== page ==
Civil war has broken out over ownership of the 1916 commemorations in Co Cork, with some Fine Gael councillors backing Fianna Fáil against Sinn Féin.
Sinn Féin had argued that the council’s arts and culture special purposes committee should be in charge of organising the commemorations. That committee is chaired by Sinn Féin’s Donnchadh Ó Laoighaire.
Fianna Fáil, however, proposed that a special committee should be set up, a move strongly supported by the party’s Frank O’Flynn, who is chairman of the General Liam Lynch commemoration committee.
Mr Ó Laoighaire argued there was no need to do this and several other councillors, notably Independents, agreed with him.
However, Fine Gael’s Gerard Murphy threw a spanner in the works when he supported the Fianna Fáil move.
Sinn Féin’s Pat Buckley accused Fianna Fáil of a sudden “jumping on the bandwagon” because when the arts and culture special purposes committee was set up last summer they were not queuing up to join it.
His colleague, Rachel McCarthy, said all parties were represented on the special purposes committee and she could not understand why another committee was needed.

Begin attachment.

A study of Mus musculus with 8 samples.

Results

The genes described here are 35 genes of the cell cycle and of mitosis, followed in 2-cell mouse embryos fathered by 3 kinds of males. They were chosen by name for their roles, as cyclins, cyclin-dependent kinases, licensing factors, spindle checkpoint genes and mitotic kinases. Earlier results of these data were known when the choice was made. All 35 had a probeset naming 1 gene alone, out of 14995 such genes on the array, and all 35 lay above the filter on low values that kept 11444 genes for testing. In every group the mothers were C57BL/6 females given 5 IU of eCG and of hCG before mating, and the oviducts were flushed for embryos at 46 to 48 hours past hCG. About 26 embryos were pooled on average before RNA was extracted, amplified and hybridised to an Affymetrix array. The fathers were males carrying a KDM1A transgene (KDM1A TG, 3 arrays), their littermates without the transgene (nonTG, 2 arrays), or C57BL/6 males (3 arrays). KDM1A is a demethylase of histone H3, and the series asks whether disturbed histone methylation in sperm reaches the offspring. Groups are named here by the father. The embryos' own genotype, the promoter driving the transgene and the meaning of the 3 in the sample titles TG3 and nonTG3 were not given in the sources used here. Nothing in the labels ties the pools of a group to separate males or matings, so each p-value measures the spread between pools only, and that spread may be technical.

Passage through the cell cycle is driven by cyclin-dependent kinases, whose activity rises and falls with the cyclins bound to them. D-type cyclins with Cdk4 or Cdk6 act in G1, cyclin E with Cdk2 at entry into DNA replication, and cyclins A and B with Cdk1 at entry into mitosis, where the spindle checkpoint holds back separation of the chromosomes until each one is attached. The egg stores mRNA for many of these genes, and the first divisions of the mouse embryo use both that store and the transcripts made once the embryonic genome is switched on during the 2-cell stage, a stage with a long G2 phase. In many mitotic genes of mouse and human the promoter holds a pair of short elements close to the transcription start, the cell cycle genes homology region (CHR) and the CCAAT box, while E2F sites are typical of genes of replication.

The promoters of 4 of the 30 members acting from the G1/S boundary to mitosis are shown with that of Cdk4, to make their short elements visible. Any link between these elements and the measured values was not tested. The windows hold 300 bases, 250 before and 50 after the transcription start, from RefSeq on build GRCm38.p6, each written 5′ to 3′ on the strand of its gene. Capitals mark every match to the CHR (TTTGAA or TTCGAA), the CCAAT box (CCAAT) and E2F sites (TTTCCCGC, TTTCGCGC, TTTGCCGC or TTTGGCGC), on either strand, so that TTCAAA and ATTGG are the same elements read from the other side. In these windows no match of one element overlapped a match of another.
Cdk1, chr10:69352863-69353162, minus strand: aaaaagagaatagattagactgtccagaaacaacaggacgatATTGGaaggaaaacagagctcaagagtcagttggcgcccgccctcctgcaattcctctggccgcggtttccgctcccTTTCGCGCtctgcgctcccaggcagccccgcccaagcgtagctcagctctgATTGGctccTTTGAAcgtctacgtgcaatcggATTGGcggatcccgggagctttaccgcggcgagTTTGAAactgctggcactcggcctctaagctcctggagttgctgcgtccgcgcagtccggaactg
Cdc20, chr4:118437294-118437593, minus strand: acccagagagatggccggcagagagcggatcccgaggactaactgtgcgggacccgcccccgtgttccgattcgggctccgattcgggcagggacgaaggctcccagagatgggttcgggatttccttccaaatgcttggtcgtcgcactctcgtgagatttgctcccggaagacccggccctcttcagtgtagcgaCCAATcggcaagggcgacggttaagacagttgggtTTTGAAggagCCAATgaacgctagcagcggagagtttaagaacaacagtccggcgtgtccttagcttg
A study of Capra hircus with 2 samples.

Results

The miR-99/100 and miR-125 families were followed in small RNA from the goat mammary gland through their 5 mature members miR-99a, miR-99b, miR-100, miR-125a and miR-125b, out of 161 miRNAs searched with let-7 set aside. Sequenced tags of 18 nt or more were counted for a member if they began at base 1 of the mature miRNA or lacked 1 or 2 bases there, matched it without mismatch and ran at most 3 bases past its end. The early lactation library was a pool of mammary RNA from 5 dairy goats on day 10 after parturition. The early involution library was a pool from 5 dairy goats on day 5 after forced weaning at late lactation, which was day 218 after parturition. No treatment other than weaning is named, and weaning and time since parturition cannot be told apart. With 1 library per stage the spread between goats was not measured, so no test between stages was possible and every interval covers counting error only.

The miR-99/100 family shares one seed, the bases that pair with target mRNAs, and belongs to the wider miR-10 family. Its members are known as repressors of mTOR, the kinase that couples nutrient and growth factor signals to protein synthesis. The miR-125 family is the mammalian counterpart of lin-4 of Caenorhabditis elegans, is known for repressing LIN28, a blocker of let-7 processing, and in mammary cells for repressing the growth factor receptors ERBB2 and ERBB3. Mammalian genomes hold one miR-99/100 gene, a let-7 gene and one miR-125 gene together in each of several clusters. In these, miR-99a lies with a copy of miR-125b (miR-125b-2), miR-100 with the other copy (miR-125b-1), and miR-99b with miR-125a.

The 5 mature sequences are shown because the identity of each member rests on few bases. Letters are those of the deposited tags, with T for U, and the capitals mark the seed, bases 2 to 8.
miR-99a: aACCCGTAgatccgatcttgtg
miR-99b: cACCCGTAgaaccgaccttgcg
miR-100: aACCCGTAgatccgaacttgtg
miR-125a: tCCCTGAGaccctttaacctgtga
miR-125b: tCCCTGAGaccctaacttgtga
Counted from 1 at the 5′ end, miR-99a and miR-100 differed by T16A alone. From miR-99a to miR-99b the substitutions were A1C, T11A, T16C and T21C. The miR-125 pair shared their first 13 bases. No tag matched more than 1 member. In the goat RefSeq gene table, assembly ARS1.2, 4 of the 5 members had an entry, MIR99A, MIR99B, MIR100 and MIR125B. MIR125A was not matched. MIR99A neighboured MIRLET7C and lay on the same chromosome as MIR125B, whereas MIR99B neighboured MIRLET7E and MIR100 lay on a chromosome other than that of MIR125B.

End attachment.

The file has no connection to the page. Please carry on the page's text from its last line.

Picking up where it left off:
Fianna Fáil’s Andrias Moynihan said that when that committee formed last summer, “there was no talk of a 1916 commemoration”.
Independent Mary Linehan-Foley told him it should have been obvious there would be a major 1916 commemoration.
The mayor of Co Cork, Alan Coleman, then proposed a vote, which Fianna Fáil won 23 to 22.
Mr Coleman then said an 11-person committee will be appointed, consisting of three members each from Fianna Fáil and Fine Gael, two each from Sinn Féin and the Independents, and one Labour representative.
After the meeting Mr Ó Laoighaire conceded Sinn Féin had lost control of the organising committee.
Mr Coleman said the committee should make a report to the council by October.
County manager Tim Lucey has told councillors he will provide them with a dedicated member of staff to help them organise events.